An EMT at the ER.With more than 2.8 million people on Long Island and upwards of 100 separate fire and EMS agencies across Suffolk County alone, it’s readily apparent why Suffolk County Community College’s Paramedic Associate Degree is so vital. “There’s a clear demand for skilled and experienced professionals who can deliver the highest level of prehospital emergency care,” says Matt Zukosky, Assistant Academic Chair and Professor of EMT at Suffolk.

An emergency medical technician (EMT) and a paramedic are not synonymous. EMTs usually have less than 200 hours of training and provide entry-level prehospital care, while paramedics have in excess of 1,100 hours of training and are able to provide the highest level of prehospital emergency medical care. “The College recognized an opportunity to offer residents the ability to earn a degree and become more marketable to fire and EMS agencies that are rapidly moving toward a system that includes both paid and volunteer professionals,” Professor Zukosky points out. It’s worth noting that Suffolk’s Paramedic Program is the only degree-granting program east of New York City. “This allows Suffolk County residents to train, work and live right here,” adds Zukosky. What’s more, Suffolk’s program provides exposure to different kinds of hospitals and EMS agencies across our region. “Suffolk County is not homogeneous and our students are able to get real-world experience in all kinds of hospitals and EMS agencies across our region. It makes for a well-rounded paramedic and provides students with a better perspective on how our many communities come together.”

EMT treating a patient.According to the U.S. Bureau of Labor and Statistics (BLS), employment of EMTs and paramedics is projected to grow 23 percent annually through 2022, much faster than the average for other occupations. In addition, the BLS noted that growth in middle-aged and elderly populations may lead to greater demand for EMTs and paramedics in the home health care field, and other specialized medical areas such as industrial safety. Paramedics are hired by emergency rooms and air rescue operations, opening even more career possibilities.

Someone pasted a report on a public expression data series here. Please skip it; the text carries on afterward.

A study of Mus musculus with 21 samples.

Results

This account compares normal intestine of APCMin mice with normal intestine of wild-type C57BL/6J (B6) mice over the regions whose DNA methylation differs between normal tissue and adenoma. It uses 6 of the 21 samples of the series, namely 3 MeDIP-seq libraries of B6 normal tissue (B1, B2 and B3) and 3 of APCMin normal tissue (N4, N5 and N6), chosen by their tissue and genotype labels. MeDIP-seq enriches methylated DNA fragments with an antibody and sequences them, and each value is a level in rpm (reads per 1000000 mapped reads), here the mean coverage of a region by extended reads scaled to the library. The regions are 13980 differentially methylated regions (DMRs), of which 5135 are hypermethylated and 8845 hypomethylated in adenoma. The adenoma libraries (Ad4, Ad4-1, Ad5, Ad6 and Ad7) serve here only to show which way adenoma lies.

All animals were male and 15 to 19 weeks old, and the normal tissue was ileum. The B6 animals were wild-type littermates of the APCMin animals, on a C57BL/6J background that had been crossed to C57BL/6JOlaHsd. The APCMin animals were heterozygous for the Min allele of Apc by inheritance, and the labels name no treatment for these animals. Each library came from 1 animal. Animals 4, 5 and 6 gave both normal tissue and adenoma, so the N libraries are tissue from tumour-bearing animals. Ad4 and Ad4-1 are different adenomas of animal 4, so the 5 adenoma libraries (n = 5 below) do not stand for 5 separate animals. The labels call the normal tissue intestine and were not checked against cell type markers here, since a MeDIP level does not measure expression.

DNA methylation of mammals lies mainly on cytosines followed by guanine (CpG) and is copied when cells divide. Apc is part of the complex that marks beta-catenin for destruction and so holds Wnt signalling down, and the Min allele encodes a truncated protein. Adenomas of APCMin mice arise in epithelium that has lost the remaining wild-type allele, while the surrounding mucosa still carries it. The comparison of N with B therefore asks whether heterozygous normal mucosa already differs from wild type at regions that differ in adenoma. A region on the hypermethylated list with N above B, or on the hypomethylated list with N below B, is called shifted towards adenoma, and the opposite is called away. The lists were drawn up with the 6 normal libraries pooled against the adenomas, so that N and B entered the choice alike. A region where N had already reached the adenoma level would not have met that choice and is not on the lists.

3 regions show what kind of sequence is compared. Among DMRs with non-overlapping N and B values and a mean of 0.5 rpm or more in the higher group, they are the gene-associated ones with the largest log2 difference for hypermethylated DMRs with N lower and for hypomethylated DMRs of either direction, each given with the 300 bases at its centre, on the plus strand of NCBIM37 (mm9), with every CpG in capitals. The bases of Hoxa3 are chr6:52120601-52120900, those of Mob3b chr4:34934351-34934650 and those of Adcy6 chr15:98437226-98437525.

In order to gain admission into Suffolk’s program, the candidate must already be an emergency medical technician. The program stresses mastery in advanced life-support skills, which will be accomplished in college laboratories, affiliated hospitals and advanced life-support ambulances. Classes are scheduled to maximize convenience for working adults. Financial aid is available and current EMTs may be eligible for tuition reimbursement under the SERVES grant (see related story).

“Suffolk’s program offered amazing clinical experiences and put me in great learning environments,” says Casey Tillman of Coram, N.Y.

“Suffolk’s program offered amazing clinical experiences and put me in great learning environments,” says Casey Tillman of Coram, N.Y.

“Suffolk really offers a great program,” says Casey Tillman of Coram, N.Y. Before graduating from Suffolk’s Paramedic Program in 2015, Mr. Tillman spent five years as an active duty U.S. Marine with a deployment as a sniper scout in Afghanistan. As a service member, Mr. Tillman became increasingly interested in the field of health care. He is now working as a paramedic for multiple fire departments in Suffolk County and is scheduled to complete his bachelor’s degree as a registered nurse from Stony Brook University this spring. He plans to work as an ICU nurse in order to attend Columbia University and become a Certified Registered Nurse Anesthetist (CRNA). “Suffolk’s program offered amazing clinical experiences and put me in great learning environments, including an ambulance company and in the ER and ICU of a hospital,” he says. “Because of this level of training, I had no problem getting a job.”

For more about Suffolk’s Paramedic Program, simply call 631-451-4111 or visit
sunysuffolk.edu/Enroll.

Tuition Reimbursement through Suffolk County S.E.R.V.E.S. for Volunteer Firefighters and EMS Workers

Image of a firefighterThe Suffolk Educational program for Retention in the Voluntary Emergency Services (S.E.R.V.E.S.) provides tuition reimbursement to student-volunteers for their service in Suffolk County for up to 120 lifetime credit hours attained at Suffolk County Community College and other New York State Education Department approved colleges or universities within Suffolk County. There is no restriction as to the type of academic program the SERVES student-volunteer chooses to pursue. To be eligible, students must be active members of EMS or fire departments in Suffolk County and meet other requirements. For full details, visit suffolksbravest.com.